Metropolitan Development and Housing Agency | HOMELESS ASSISTANCE

MDHA’s Community Development Department administers the Emergency Solutions Grant (ESG) on behalf of Metro Nashville and serves as the lead agency and collaborative applicant for the Nashville-Davidson Continuum of Care (CoC).  It does not provide direct services.

Nashville – Davidson Continuum of Care

The McKinney-Vento Homeless Assistance Act programs are administered by the U. S. Department of Housing and Urban Development (HUD). These funds are awarded annually and require the development of a “Continuum of Care” (CoC) system in each community where assistance is being sought. CoCs address the critical problem of homelessness through a coordinated community-based process of identifying needs and building a system to meet those needs. The approach is predicated on the understanding that homelessness is not caused merely by a lack of shelter, but involves a variety of underlying, unmet needs – physical, economic, and social. Funds are granted based on an annual competition following a Notice of Funding Availability (NOFA) by HUD.

Annually, MDHA leads the local CoC through this extremely competitive CoC funding cycle. Local jurisdictions, housing authorities, and nonprofits (secular and faith-based) can apply for funding in support of transitional and permanent housing for “homeless” persons as defined by HUD.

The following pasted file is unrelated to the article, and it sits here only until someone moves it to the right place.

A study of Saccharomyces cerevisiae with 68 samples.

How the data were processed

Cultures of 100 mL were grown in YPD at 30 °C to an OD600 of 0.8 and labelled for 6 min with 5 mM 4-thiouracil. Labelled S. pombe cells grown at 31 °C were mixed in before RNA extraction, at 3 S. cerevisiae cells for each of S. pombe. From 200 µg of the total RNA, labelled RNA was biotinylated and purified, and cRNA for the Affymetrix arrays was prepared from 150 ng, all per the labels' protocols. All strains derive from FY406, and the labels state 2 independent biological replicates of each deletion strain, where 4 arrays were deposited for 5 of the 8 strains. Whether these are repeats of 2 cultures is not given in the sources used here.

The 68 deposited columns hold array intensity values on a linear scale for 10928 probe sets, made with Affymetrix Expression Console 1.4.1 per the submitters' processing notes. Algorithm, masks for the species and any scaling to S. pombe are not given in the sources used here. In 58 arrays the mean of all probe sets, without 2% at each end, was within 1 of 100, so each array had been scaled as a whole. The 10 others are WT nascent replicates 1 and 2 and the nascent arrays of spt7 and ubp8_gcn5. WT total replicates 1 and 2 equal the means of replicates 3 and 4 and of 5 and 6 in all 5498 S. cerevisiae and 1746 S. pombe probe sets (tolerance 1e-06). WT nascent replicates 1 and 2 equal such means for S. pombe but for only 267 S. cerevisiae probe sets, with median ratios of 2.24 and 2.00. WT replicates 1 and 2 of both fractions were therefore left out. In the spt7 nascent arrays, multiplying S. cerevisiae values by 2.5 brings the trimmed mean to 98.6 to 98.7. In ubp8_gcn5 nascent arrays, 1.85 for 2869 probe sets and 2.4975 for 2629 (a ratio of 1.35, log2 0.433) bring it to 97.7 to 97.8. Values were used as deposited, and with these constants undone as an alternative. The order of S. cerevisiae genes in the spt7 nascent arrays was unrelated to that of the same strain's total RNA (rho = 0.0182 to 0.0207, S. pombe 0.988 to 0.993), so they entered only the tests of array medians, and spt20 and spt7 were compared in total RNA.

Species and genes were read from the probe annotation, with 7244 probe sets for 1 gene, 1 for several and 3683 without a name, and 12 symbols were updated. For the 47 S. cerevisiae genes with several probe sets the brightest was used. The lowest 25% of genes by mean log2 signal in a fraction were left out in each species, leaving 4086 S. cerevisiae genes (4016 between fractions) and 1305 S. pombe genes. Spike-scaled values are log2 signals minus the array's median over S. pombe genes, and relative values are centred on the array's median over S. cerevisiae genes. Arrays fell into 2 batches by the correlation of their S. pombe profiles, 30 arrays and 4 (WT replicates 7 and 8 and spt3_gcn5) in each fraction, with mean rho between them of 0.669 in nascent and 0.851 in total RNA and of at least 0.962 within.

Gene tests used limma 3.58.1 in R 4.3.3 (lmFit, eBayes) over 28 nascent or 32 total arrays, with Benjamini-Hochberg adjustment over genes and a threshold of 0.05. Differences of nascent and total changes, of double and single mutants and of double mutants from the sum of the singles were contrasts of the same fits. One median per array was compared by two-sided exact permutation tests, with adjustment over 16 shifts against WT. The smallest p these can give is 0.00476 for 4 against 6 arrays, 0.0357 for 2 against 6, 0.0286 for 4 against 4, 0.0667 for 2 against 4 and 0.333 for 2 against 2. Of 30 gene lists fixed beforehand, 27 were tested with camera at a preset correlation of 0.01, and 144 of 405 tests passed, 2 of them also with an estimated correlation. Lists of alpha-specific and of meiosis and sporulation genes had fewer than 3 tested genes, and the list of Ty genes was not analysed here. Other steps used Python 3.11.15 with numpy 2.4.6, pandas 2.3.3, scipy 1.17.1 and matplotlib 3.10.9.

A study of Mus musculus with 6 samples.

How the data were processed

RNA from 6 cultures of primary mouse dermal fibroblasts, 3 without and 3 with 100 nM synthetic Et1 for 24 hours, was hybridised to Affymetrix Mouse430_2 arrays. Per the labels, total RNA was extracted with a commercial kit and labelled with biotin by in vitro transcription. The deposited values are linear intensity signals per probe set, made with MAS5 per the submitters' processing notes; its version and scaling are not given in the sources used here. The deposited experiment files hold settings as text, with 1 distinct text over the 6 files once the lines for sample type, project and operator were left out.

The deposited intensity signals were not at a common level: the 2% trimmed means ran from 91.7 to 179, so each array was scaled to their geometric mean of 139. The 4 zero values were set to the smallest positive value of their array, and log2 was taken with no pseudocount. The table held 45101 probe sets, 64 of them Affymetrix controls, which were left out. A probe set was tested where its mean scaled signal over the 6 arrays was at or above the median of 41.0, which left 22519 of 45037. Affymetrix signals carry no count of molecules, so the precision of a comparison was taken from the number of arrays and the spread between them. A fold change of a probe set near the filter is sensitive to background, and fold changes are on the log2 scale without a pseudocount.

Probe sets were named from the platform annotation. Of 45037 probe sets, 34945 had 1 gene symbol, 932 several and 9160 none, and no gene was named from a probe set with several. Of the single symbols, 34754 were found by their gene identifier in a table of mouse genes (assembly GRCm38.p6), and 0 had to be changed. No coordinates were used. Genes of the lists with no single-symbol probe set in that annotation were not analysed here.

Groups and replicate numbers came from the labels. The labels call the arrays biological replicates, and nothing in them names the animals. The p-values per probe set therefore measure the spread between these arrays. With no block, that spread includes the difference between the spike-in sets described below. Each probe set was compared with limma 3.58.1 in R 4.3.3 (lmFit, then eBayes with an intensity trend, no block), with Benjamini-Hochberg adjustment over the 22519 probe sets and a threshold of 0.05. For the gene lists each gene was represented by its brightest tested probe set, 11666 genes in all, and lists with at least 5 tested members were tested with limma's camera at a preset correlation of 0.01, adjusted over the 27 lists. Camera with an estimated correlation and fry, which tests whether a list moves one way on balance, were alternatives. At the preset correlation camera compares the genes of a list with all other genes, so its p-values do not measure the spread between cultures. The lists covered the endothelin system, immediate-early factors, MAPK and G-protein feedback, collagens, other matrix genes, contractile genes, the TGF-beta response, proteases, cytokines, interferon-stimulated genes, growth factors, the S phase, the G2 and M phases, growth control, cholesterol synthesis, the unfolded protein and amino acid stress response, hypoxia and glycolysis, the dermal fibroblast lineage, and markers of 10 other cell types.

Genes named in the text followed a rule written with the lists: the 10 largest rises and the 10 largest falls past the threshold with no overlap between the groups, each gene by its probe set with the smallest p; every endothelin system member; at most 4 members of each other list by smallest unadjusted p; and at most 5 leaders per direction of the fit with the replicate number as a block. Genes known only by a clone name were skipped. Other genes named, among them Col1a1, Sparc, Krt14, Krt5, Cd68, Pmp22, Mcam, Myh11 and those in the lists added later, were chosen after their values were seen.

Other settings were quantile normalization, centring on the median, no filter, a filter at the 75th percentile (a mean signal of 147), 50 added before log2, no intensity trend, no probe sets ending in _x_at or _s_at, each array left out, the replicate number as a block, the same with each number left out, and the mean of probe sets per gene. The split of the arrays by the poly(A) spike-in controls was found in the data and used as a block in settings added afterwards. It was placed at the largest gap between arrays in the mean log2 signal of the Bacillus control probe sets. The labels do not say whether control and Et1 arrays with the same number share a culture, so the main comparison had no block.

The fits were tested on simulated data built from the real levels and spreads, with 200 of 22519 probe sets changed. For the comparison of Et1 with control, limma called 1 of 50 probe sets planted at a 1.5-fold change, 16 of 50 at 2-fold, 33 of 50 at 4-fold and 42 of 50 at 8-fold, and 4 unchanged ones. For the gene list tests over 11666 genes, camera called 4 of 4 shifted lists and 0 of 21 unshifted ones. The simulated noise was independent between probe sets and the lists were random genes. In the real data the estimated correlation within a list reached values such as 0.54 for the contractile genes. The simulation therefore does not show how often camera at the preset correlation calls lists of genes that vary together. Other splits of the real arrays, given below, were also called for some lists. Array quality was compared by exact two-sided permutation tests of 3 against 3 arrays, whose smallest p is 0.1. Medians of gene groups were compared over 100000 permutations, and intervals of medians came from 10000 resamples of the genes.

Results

MDHA’s Homeless Coordinator convenes a series of monthly meetings with service providers, representatives from the faith community and government agencies to identify gaps in the service system and to develop proposals to address the needs. These efforts result in renewal awards of more than $3 million to support homeless programs in Nashville.

Click here for more information about the Nashville-Davidson CoC.

Emergency Solutions Grant (ESG)

Title IV of the McKinney-Vento Homeless Assistance Act (1987) authorized the Emergency Shelter Grant Program. The Homeless Emergency Assistance and Rapid Transition to Housing Act of 2009 (HEARTH Act) amended the McKinney-Vento Homeless Assistance Act, including major revisions to the Emergency Shelter Grants program, which was renamed the Emergency Solutions Grants (ESG) program. The ESG program is designed to identify sheltered and unsheltered homeless persons, as well as those at risk of homelessness, and provide the services necessary to help those persons quickly regain stability in permanent housing after experiencing a housing crisis and/or homelessness.

Funding is allocated to Nashville on annually and awarded to nonprofit agencies on a competitive basis.